How's your rollover awareness?
Feb 1, 2008 12:00 PM, David A Kolman
I had the opportunity to attend one of several Rollover Prevention Summits sponsored by the US Department of Transportation (DOT), National Tank Truck Carriers, and Refrigerated Transporter's sister publication, Bulk Transporter. It was an enlightening experience.
Administrator of the Federal Motor Carrier Safety Administration John Hill, in his remarks to the meeting, said some 45 percent of injuries from single large truck accidents are due to rollovers, and that 52 percent of truck occupant fatalities involve a rollover accident.
As you might expect, cargo tank trucks are more likely than van trucks to roll over, often due to drivers not considering the continuous movement of liquid in the tank. Hill noted that 75 percent of all cargo tank truck rollover accidents are caused by driver error, while only 10 percent of rollovers are due to excessive speed. Cargo tank rollovers account for one in four tanker driver fatalities.
What I learned from the many presenters at the summit that most surprised me, is that a driver — whether in a tank or van truck — is seldom aware that his rig is rolling over. A driver usually only feels his truck starting to roll over after it is too late to do anything about it. The truck has reached its “rollover threshold.”
This is the basics of a truck rollover, according to Triodyne, a mechanical engineering consulting firm specializing in safety of engineering systems and mechanical devices: When a truck travels in a curved path, it leans to the outside of the curve because of the centrifugal force acting through the truck's center of gravity. The centrifugal force increases with speed and with the curvature of the road.
The truck's ability to resist rollover is determined by its rollover threshold. This is the lowest value of centrifugal acceleration that causes the truck to tip over when driving steadily in a curved path.
A driver doesn't feel his truck beginning to roll over until after it is too late to respond because there is a delay in the rolling of the tractor. The trailer has a higher center of gravity, and the flexibility of the trailer allows it to twist and start to roll while the tractor's tires maintain contact with the road.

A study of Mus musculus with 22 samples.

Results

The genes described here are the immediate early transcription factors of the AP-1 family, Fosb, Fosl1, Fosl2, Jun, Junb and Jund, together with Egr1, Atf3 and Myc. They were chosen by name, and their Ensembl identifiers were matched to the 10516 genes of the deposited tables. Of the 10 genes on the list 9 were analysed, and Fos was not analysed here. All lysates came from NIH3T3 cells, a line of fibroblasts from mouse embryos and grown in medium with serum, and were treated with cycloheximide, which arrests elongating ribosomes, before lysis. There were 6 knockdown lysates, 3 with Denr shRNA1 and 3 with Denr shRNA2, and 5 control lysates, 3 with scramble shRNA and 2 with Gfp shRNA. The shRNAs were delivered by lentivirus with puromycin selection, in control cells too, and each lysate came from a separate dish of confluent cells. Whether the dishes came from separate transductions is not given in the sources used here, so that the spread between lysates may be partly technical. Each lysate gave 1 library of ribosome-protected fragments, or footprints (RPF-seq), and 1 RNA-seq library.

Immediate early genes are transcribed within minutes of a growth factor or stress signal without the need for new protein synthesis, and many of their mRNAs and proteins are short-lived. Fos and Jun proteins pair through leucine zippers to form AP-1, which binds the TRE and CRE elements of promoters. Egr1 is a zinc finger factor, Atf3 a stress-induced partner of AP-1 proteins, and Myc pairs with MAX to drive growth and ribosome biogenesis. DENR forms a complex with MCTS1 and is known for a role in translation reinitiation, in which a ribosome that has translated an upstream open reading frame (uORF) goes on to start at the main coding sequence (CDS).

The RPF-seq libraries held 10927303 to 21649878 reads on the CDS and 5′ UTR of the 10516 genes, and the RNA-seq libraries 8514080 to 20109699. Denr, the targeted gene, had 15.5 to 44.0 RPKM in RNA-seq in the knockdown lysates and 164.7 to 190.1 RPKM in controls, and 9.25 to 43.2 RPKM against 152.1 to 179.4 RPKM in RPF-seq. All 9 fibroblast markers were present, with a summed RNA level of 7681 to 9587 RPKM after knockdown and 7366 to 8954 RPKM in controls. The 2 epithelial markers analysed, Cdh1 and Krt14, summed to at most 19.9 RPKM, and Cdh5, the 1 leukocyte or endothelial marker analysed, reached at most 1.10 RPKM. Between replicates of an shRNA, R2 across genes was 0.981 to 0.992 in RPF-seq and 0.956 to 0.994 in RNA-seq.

Rollovers can occur when a truck is traveling too fast, especially around a curve. They can take place when a truck is “tripped.” This is when the tires strike something such as a curb or object on the roadway while turning, or when the tires go off of the pavement, or when a truck is returning to the road after drifting off the pavement.
Rollovers also can happen due to abrupt lane changes or sudden road maneuvers.
Driver inattention and/or fatigue also plays a role in rollovers, because a driver may not realize the need to slow down or take evasive action in time to prevent his truck from rolling over.
Then there is the influence of a truck's length, weight, cargo, weight distribution, suspension, center of gravity, and so forth.
While electronic vehicle stability systems, highway design and signage, and automated warning systems can help prevent truck rollovers, the biggest factor is driver behavior and awareness.
The most effective way to avoid a rollover, or any accident for that matter, is for drivers to always drive safely and cautiously. Furthermore, drivers must be aware of the situations that can lead to a rollover.
Remind your drivers to stay alert and anticipate the actions of other drivers. Stress the need to avoid sudden maneuvers, such as swerving quickly to avoid hitting an animal or road obstacle. Emphasize the importance of driving the load, not just the road.
I welcome your thoughts and comments.